Wednesday, August 20, 2014

Difficult to distinguish Darners

Yes, even after seven years of "dragonhunting" there are some species that prove to be my nemesis (or should that be nemeses?) when it comes to separating them in the field, namely, the females of Black-tipped and Lance-tipped Darners.

Male dragonflies are never a problem, they are easily distinguished by their terminalia, such as, for example, this male Black-tipped Darner (Aeshna tuberculifera). The inset shows the claspers and the "black-tip" – the all black S10, although in some individuals this segment may bear tiny blue spots.

The female Black-tipped Darner (Aeshna tuberculifera) is very similar to the male in terms of color and patterning. So far so good ...

Lance-tipped Darner (Aeshna constricta), male ... the inset illustrates the "lance-tipped" cerci, also note the blue spots on the upper surface of S10.

Now let's look at a couple of Lance-tipped Darner (Aeshna constricta) blue form females – as noted in field guides the styli are long and quite visible, but the styli of the Black-tipped Darner are noticeable as well, and lengths can be difficult to judge in the field. Unlike the male's last abdominal segment, the female Lance-tipped Darner's S10 doesn't bear any blue spots, so that doesn't help.

With a length of 71 mm to 78 mm the Black-tipped Darner is theoretically larger than the Lance-tipped Darner, which weighs in at 65 mm to 72 mm. But length is also tough to guesstimate in the great outdoors, and who bothers to cart a ruler around with them on a nature hike?

Lance-tipped Darner female #1

Lance-tipped Darner female #2

The following study of the differences between the females of these two species is based both on the material found in field guides and my own observations. Markings can vary according to the individual insect and by region so I'm not sure how reliable my observations are in the context of the big picture, but they work for me.

Lance-tipped Darner (Aeshna constricta), female:
– The lateral thoracic stripes are relatively narrow and notched.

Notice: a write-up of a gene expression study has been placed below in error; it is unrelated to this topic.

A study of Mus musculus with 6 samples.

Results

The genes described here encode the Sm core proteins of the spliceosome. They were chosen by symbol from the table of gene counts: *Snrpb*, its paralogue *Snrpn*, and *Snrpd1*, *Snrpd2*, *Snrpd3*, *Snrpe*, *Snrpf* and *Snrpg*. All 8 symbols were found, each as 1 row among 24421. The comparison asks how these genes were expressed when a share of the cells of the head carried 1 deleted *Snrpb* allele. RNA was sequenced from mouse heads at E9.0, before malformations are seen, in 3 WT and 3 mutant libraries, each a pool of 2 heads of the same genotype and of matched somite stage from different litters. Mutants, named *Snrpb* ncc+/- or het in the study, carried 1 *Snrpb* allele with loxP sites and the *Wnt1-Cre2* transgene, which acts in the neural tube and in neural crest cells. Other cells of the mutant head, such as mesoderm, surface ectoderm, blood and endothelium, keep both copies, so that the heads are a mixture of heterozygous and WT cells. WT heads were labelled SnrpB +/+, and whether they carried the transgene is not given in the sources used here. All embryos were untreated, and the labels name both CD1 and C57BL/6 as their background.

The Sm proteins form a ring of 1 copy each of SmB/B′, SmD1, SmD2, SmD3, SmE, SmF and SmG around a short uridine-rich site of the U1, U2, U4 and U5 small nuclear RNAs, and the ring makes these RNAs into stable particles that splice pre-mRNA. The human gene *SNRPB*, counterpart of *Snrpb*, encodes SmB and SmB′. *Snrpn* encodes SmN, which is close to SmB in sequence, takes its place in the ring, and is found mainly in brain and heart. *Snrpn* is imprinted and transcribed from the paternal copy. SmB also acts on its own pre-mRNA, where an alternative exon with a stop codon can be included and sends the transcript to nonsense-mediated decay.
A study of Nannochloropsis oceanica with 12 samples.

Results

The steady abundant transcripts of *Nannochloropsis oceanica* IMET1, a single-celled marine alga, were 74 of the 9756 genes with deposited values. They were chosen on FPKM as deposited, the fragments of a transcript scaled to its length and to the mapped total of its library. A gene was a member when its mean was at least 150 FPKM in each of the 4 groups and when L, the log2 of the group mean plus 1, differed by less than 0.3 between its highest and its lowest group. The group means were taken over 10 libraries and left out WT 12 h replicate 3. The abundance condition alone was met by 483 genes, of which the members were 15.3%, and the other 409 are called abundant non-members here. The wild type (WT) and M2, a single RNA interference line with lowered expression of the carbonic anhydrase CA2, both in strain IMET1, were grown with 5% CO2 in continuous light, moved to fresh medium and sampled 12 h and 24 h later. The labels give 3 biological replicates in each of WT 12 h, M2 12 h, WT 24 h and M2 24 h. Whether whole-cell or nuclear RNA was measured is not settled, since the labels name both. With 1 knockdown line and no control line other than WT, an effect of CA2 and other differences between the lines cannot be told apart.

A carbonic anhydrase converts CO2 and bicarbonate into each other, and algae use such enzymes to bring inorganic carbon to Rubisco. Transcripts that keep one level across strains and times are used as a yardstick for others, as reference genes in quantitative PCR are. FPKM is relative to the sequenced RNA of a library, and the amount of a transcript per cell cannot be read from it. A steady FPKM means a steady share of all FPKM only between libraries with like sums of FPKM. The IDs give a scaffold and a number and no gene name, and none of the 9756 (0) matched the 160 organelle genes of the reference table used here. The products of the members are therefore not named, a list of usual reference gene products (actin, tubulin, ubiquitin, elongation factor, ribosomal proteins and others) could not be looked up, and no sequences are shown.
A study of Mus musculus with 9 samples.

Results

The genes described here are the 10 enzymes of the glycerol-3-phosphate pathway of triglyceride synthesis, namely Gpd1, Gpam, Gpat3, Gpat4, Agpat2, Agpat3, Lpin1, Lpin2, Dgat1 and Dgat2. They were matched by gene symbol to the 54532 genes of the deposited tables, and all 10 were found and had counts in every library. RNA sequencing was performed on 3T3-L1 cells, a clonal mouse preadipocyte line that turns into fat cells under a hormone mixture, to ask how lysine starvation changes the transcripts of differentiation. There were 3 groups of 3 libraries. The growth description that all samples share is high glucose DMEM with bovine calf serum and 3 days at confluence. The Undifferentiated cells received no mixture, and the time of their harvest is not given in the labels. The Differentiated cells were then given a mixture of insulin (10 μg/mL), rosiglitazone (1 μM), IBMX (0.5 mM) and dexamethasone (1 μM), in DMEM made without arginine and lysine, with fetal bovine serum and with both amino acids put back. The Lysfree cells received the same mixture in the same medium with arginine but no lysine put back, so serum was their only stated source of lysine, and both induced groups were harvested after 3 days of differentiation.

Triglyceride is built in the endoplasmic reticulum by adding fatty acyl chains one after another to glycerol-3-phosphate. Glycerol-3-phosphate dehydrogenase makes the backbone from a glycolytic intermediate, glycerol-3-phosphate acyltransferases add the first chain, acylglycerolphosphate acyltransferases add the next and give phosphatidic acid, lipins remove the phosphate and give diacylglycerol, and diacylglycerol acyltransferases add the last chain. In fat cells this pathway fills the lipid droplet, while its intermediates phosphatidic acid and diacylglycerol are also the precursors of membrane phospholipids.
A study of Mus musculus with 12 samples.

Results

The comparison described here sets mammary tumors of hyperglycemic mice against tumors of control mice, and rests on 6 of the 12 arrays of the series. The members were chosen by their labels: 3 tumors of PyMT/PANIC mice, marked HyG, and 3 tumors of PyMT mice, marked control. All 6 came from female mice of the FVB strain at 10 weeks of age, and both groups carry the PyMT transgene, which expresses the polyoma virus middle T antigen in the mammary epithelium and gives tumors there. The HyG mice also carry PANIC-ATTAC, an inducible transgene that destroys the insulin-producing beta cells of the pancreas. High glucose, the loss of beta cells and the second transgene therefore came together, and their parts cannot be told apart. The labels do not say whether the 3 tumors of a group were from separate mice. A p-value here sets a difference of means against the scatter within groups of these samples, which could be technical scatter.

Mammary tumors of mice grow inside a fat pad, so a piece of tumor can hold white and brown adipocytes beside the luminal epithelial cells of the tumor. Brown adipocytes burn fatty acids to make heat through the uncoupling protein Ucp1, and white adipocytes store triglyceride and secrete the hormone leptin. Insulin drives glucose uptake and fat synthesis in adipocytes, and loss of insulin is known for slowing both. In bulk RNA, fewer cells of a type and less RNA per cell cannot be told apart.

– The dark lines separating the lateral blue abdominal spots are very straight and quite narrow.
– The blue line on S2 is continuous, and there is generally more blue than dark in this area.
The last two factors conspire to give the Lance-tipped Darner's abdomen a bluer overall aspect than the abdomen of the Black-tipped Darner.

Comparing the female Black-tipped Darner (Aeshna tuberculifera):
– The lateral thoracic stripes are broad and pale, sometimes almost white, and when the dragonfly is perched in a shady place they almost seem to glow.
– The dark lines separating the lateral blue abdominal spots are somewhat irregular, and larger than in the Lance-tipped Darner.
– The blue line on S2 is broken, there is more dark than blue on this part of the dragonfly.
– The face usually bears a thin brown cross-stripe.

Although not common, green and yellow form females occur more frequently among Lance-tipped Darners than Black-tipped Darners. There were a total of about fifty of these striking insects foraging high in the air and perching on the shrubs and this was the only green female encountered.

Note that although the colors are different in the next two examples, the patterning is still consistent with the blue form Lance-tipped Darner females studied above.

Two yellow form females were flying but I was only able to capture one of them.

Before sending this beauty on her way I had to capture an image of those awesome eyes ...

A green form female Lance-tipped Darner in a more natural pose, hiding in plain sight despite its size and eye-catching markings. The complex patterning breaks up the dragonfly's profile and makes it difficult to espy when it's perching among the tangle of background vegetation.